How to Get Over a Breakup — From Ovid
For Every Burnt Romantic
If you’ve ever felt like your heart split open after someone said goodbye, this is for you.
And it doesn’t matter if you’re a guy or girl, we all feel heartbreak the same. It stings, it melts and it tears us apart inside.
“I’m going out of my mind, oh
With a pain that stops and starts
Like a corkscrew to my heart
Ever since we’ve been apart.”
— Bob Dylan
But in the end, a broken heart can make us stronger than we ever thought possible, because overcoming loss gives us a new layer of skin, even making us more complete as individuals…
But first, we need to mend that precious heart, our center of affection…
The Lady’s Man of ancient Rome, the poet Ovid, wrote The Art of Love, solid advice on how to find (and keep) love.
Then, realizing that most romantic loves don’t work out, he did a follow up called The Cure for Love. This was for the burnt — how to get over a breakup.
Not surprisingly, this ancient wisdom still holds water today. Here’s things I wish I would’ve known after I lost my first love, as it took at least six months to get over it.
Perhaps these tips can speed up the healing process…
Hang out with friends and family — Get around the people who do love you unconditionally, people who were there before this romantic interest came into your life. And most of all, stay away from lonely places!
“You who love, beware lonely places, lonely places are harmful! Why flee? You can be safer in a crowd. You don’t need secrecy (secrecy nurtures passion): in future it’s the crowd that will assist you. If you’re alone, you’ll be sad, and the form of the girl you’ve left will be there before your eyes, so like herself. Because of that, night’s sadder than the daylight: your crowd of friends missing, who might ease the gloom. Don’t shun conversation, or let your door be closed, don’t hide your tearful face in the shadows.”
Stay busy — Don’t just sit around reminiscing about the good times, create new ones. “Give your vacant mind work to occupy it,” Ovid commands the broken. He especially recommends travelling:
“You only need to journey far, though strong chains hold you back, and start to travel distant ways: you’ll cry, and your lost girl’s name will oppose it, and your feet will often stop you on the road: but the less you wish to go, the more you should go … the long road, give you a hundred solaces for your cares.”
Remember your ex’s annoying traits —Even people who have amazingly attractive traits are human, meaning they have flaws. Just navigate your mind over to the flaws…
Don’t pick the scar—Heartbreak is like a scar, says Ovid. If the scar has finally scabbed over, then running into your ex and having a exciting conversation will rip that new skin right off!
“If you love, but don’t wish to, avoid making contact … And if you want to know what she’s doing, still, don’t ask: endure! It will profit you to hold your tongue.”
Avoid onions — and not for the tears! Believe it or not, Ovid says onions are an aphrodisiac. While today we more worry about the bad breath onions cause, Ovid believe onions that made people go gaga for each other.
“I’ll give you what to swallow and avoid. Italian onions, or the ones they send you, from the shores of Libya, or the ones that come from Megara, every one will do you harm.”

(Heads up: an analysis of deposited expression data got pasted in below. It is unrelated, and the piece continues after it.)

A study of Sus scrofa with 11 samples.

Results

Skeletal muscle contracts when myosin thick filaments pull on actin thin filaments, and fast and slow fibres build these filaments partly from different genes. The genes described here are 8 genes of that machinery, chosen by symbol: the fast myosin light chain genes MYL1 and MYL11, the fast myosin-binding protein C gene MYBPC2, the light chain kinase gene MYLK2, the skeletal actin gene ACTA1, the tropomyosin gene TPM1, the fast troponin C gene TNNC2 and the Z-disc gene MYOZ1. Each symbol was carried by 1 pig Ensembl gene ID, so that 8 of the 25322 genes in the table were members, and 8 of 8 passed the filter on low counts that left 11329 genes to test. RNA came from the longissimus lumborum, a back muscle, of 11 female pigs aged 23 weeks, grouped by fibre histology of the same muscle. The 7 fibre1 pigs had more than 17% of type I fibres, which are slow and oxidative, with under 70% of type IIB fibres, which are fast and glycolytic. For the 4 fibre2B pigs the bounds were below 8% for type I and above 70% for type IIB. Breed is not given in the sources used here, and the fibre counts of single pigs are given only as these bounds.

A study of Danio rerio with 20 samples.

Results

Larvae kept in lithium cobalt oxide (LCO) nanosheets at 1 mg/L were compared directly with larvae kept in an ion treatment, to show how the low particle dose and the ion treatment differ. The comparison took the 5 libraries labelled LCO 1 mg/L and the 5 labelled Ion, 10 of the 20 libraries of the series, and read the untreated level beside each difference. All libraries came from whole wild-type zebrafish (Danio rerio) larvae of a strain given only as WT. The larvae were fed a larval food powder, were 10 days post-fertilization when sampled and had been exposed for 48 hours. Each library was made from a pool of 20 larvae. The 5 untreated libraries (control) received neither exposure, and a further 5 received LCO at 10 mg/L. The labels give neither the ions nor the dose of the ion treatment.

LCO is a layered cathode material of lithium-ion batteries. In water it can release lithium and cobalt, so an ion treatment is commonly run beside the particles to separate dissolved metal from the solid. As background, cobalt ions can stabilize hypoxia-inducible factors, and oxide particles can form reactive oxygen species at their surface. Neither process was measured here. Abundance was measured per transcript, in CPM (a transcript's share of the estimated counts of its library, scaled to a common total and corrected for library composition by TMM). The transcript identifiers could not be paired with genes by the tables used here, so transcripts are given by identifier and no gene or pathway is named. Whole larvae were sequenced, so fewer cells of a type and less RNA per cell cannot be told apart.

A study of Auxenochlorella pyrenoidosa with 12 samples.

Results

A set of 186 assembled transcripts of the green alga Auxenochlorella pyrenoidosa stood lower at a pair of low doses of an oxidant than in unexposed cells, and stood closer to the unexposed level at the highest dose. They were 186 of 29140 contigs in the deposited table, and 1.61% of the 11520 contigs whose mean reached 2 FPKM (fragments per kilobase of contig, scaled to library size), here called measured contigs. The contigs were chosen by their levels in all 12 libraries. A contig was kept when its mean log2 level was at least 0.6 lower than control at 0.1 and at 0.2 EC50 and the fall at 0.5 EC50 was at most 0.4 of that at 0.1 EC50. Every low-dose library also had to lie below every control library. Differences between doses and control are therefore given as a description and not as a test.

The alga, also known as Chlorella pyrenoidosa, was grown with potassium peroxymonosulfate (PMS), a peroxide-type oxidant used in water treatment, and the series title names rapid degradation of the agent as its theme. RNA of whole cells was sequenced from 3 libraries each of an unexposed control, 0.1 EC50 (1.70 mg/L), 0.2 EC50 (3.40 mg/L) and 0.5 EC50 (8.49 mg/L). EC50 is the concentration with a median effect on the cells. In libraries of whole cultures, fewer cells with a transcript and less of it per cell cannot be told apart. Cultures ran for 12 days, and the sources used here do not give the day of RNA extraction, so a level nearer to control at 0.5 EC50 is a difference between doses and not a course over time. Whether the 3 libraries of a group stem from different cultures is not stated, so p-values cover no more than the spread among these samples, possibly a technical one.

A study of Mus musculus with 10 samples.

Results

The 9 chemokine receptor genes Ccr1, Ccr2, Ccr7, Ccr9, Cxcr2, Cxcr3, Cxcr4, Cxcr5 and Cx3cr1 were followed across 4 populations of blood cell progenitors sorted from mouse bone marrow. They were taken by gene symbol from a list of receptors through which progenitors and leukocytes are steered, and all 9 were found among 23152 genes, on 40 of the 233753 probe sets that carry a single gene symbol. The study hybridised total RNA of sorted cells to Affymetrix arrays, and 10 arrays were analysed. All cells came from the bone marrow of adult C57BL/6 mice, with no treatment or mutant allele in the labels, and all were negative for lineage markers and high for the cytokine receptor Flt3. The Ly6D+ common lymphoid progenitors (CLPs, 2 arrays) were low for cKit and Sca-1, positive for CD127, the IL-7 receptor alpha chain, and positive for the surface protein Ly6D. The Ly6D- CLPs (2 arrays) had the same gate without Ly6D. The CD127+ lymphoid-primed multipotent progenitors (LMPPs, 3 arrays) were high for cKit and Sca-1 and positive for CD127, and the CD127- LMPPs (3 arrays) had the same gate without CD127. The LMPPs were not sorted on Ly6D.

Spells are in vain — In ancient times, spells and charms and herbs and all kinds of magic were used to affect people’s emotions and behavior. Ovid doesn’t think too much of theswe methods, and strongly advises against witchcraft.
“Harmful herbs, and magic arts … With me in charge no spirits will be ordered from their graves, no witch, with wicked spells, will split the ground … No pains will be charmed away to ease the heart, conquering love won’t be put to flight by burning sulphur … So whoever you are who call for help from my art, put no faith in witchcraft and incantations.”
Don’t hate —Haters never win. Hating is like drinking poison and hoping the person you hate dies.
“It’s wrong to hate the girl you loved, in any way: that conclusion suits uncivilized natures…. Shame for a man and woman, once joined, now to be enemies … Tell her to keep the gifts you gave her, without any ruling: small losses are usually a major gain.”
Play the “Happy” card —If you do run into your ex, pretend all is cool.
“If you’re grieving deeply, look happy, lest she see it, and laugh, when tears come to you… Pretend to what is not, and that the passion’s over, so you’ll become, in truth, what you are studying to be … he who can imagine he’s well, will be well … The new day will dawn: lose your words of grievance, and show no signs of suffering in your face.”
Get rid of all reminders
“Don’t re-read the letters you’ve kept from your sweet girl: re-reading letters shakes the steadfast heart. Put them all in the fierce flames (you’ll hate to do it), and say: ‘Let this be the funeral pyre for my passion.’… And often places hurt you: flee the places where you slept guiltily together: they’re a cause of grief … Remembering reopens love, the wound’s newly re-opened: trifling errors damage the weak-minded.”
11. Beware of “The Arts”
“But there’s value in not indulging in the theatre, till love’s truly vanished from your empty heart, The zithers, and lutes and lyres unman you, and the sound and waving limbs of the troupe. There lovers’ parts are danced, continually: the actor, with art shows, what delights: and what you must avoid. I speak unwillingly now: don’t touch the tender poets! Disloyally I banish even my own gifts.”
Saving the best for last, Ovid invents the slang word “Chill” — While researching this piece, I discovered that the ancient Roman could’ve been the first to use “chilling” to describe a person staying cool. Check it out:
“Make it seem to your girl that you’re chillier than ice.
So there you have it, the best thing you can do once that heart has been scorched is to go put it on ice and chill.